Friday, October 13, 2006

What is Asian American Village?

What is Asian American Village? Why an Asian American Village blog?

Asian American Village is the long-time online community site created by and for Asian and Pacific Islander Americans by the New Orleans-based multicultural publisher, IMDiversity, Inc. It has been published without interruption since 1997, although like most commercial web survivors from those ancient days, it has undergone radical changes so that today's Asian American Village is barely recognizable from its earliest incarnation, little more than a page of random bookmarks to some APIA-related press releases and articles on outside newswires (original content department began developing with the hiring of Asian American editors in 1998).

The site is and has always been free, supported by IMDiversity's advertising revenues, which are based almost exclusively on diversity-oriented recruitment advertising through its online job banks and its multicultural paper publications.

Throughout the years, Asian American Village has published in-community, in-culture feature articles, columns, illustrations, multimedia features, opinions, and information by innumerable, talented and dedicated contributors representing all walks of life -- lawyers, political and social activists, Ethnic Studies scholars, multicultural marketnig experts, career advisors, elected and government officials, business leaders, medical professionals, poets and artists, students and more.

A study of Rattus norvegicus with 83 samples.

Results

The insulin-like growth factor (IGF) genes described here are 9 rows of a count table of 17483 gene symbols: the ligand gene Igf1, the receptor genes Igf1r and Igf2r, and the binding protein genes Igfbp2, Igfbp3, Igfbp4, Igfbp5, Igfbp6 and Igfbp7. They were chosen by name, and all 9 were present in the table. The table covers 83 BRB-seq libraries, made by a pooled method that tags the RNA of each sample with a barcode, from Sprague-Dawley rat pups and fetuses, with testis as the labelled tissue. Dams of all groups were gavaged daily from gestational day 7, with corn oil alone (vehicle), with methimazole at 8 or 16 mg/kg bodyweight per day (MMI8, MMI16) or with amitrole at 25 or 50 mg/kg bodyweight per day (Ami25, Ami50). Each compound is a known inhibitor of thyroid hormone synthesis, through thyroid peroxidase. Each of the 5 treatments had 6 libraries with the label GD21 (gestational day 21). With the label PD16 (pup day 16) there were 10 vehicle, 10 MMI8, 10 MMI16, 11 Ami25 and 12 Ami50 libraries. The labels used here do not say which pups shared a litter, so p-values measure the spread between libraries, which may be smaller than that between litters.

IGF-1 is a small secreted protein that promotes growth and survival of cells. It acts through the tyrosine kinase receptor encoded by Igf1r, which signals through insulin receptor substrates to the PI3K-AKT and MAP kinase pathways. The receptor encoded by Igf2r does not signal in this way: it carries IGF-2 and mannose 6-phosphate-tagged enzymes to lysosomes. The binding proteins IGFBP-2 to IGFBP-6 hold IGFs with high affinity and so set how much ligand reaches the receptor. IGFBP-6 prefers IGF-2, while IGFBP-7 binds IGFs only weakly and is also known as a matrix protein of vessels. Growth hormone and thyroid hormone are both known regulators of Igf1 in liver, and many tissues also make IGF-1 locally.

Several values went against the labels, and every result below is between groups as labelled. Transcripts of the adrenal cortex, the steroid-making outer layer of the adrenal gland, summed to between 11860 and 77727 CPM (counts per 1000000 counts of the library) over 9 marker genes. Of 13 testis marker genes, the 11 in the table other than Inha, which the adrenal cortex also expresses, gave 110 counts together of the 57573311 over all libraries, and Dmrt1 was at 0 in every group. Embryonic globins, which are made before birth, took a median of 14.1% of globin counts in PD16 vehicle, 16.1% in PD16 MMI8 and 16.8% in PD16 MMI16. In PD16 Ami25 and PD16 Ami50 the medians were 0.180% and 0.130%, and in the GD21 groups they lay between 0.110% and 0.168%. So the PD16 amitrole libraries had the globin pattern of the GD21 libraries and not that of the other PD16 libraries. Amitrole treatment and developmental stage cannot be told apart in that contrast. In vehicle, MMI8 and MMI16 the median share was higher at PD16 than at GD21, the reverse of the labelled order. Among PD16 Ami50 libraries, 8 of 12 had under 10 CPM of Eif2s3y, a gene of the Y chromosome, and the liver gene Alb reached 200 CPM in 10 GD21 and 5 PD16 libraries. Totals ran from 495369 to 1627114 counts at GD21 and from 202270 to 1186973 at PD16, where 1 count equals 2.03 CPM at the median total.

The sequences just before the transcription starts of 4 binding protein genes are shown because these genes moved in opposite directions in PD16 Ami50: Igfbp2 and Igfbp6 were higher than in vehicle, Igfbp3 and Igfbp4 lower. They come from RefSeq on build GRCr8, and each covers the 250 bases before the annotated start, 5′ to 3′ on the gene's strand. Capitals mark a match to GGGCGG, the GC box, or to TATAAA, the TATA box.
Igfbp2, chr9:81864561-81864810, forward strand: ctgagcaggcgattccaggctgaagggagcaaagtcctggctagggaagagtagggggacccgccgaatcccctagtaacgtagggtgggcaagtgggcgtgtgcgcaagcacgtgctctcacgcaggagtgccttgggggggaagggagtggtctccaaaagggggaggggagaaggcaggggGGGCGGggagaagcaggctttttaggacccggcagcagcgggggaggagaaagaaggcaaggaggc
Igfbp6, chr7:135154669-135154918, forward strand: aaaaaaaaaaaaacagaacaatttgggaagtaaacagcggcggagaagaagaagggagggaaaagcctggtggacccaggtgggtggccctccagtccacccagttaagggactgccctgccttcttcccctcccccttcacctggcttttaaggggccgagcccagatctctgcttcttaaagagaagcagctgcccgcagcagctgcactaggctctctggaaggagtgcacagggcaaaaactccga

A few of our contributors were regular, paid editors or writers, but many more were just dedicated members of our diverse communities with an interest in and something important to say. We're proud that so many folks who found an early online home at the Village have since gone on to make important contributions and publish their first books in other media. Just some of the exceptional professionals who went on to publish their first notable books (some of which built upon work and ideas in their AAV columns) include Angela Oh, Helen Zia, Frank Wu, Yayoi Winfrey and Chandra Prasad.

Other long-time accomplished authors who have contributed include some of the pioneers of the formal Asian American literature field, including Shawn Wong, David Mura, Meena Alexander, Mitsuye Yamada, Amy Ling, Jeanne Wakatsuki Houston, Elaine Kim, and many more. In terms of other media, AAV has always been interested in exploring non-literary expression by Asian Pacific Americans, especially those in early stages of their careers: For nearly a decade, Asian American Village was the defacto online home of the famed Secret Asian Man comic strip by "Village Artist in Residence" Tak Toyoshima, even back in the earliest days when it it was a rough, black-and-white on xeroxed paper strip with a simple presentation style but a lot to say about the state of Asian America. The Village was a supportive distributor of early all-APA media initiatives such as the now-defunct Karaoke Nights web series, a before-its-time streaming series by the HotPopTV collective that provided performance opportunities for young actors such as Karin Anna Cheung and Roger Phan, who went on to star in Better Luck Tomorrow.

For the duration, the Village's primary caretakers have been Stewart David Ikeda, a Japanese American author, diversity consultant, and former Asian American Studies professor, and Frances Kai-Hwa Wang, popular family, lifestyles and culture columnist, who today serves as the Village's acting editor while keeping up with a busy writing and lecturing schedule, and her role as marketing director for a business chain in Ann Arbor, Michigan.

We'll introduce more Villagers in coming entries as our new team blog develops.